Homeworking: more taxing than it seems
One of the lasting consequences of COVID-19 could be a fundamental shift in working practices across the country with many people continuing to work from home long after the lockdown eases, writes Heather Tulloch, Senior Tax Manager Ashcroft Partnership LLP.
This new breed of ‘homeworker’ might be wondering to what extent they can be reimbursed by their employer for additional household costs. The options are summarised below.
It is important that both the employer and the employee understand the tax implications and reporting requirements.
Fixed rate allowance
The simplest option: an employer can reimburse any employee who works from home (at least once every week) for “additional” household costs incurred, up to a cap of £6 per week.
Provision of tools or services
Another option is the exemption that allows employers to provide employees with tools or equipment that are needed to carry out their duties: for instance, a set of tools for a tradesman or IT equipment and office furniture for an office worker.
For the exemption to apply, the private use of the assets should be insignificant, and the employer must purchase it directly, rather than reimburse the employee for the purchase cost.
A similar exemption exists for the provision of any services that are required for employees to work from home, provided that any personal use of the services is “not significant” and the contract for the services is between the employer and the supplier. An example would be the provision of a telephone line at home to be used solely for making business calls.
An alternative to the fixed weekly rate of £6 is the reimbursement by an employer of any additional costs incurred, such as an increase in utilities bills from additional heating and lighting.
The exemption only applies to expenses incurred “wholly, exclusively and necessarily” by the employee in the course of doing their job, so it will not cover the employer contributing to fixed household expenses such as mortgage interest or council tax, or any contribution to costs that are not based on the actual usage, such as fixed monthly broadband or phone costs.
All the above are exempt benefits, but any other contributions from employers to employees are likely to trigger tax charges and reporting requirements.
A director-shareholder who is running a business from home may not be happy with the £6 a week exemption, nor with the administrative and national insurance burden of preparing a P11d (required where a business is meeting some of the fixed costs of running the property).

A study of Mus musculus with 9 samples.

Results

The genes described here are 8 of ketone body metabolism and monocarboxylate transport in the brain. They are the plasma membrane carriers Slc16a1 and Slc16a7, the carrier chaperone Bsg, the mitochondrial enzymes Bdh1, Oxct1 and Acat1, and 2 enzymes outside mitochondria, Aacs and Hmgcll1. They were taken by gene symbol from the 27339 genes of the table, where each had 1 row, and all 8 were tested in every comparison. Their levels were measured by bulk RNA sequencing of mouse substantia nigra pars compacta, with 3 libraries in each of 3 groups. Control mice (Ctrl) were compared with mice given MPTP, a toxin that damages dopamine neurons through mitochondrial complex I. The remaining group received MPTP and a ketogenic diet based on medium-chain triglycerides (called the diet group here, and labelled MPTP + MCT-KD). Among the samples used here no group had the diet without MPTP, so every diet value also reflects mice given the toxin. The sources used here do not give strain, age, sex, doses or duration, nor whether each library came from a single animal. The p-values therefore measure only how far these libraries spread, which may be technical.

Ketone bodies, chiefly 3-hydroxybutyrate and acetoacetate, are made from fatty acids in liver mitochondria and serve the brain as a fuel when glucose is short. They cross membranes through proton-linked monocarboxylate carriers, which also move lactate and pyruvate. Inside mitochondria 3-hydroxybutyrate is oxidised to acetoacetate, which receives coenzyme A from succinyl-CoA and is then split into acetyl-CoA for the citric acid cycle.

The solution is for the business to rent part of the house from the homeowner. In these circumstances, the rent will be a deductible expense for the business and the homeowner will have rental income that will need to be reported on their self-assessment return. The homeowner can claim a proportion of the house running costs against the rental income.
Carefully calculated, the net rental income arising in the hands of the individual will be minimal and, since it is property rather than employment income, there will be no National Insurance.
It should be noted that any rooms that are used exclusively for the business will restrict the principal private residence relief available to mitigate capital gains tax on a future sale of the property and trigger a liability to business rates. Caution is advised!
The most appropriate method will depend on the circumstances. For most employees, the fixed rate allowance and specific exemption for the provision of equipment will be sufficient, but for those incurring significant costs, such as owner-managers running a business from home, the rental agreement option should be considered.
What is clear is that, as our working patterns change and we become more flexible and agile in our working practices, the tax considerations around working from home will become more relevant.
For further information on any of the above, please contact Heather Tulloch, Senior Tax Manager at Ashcroft, on 01763 209113.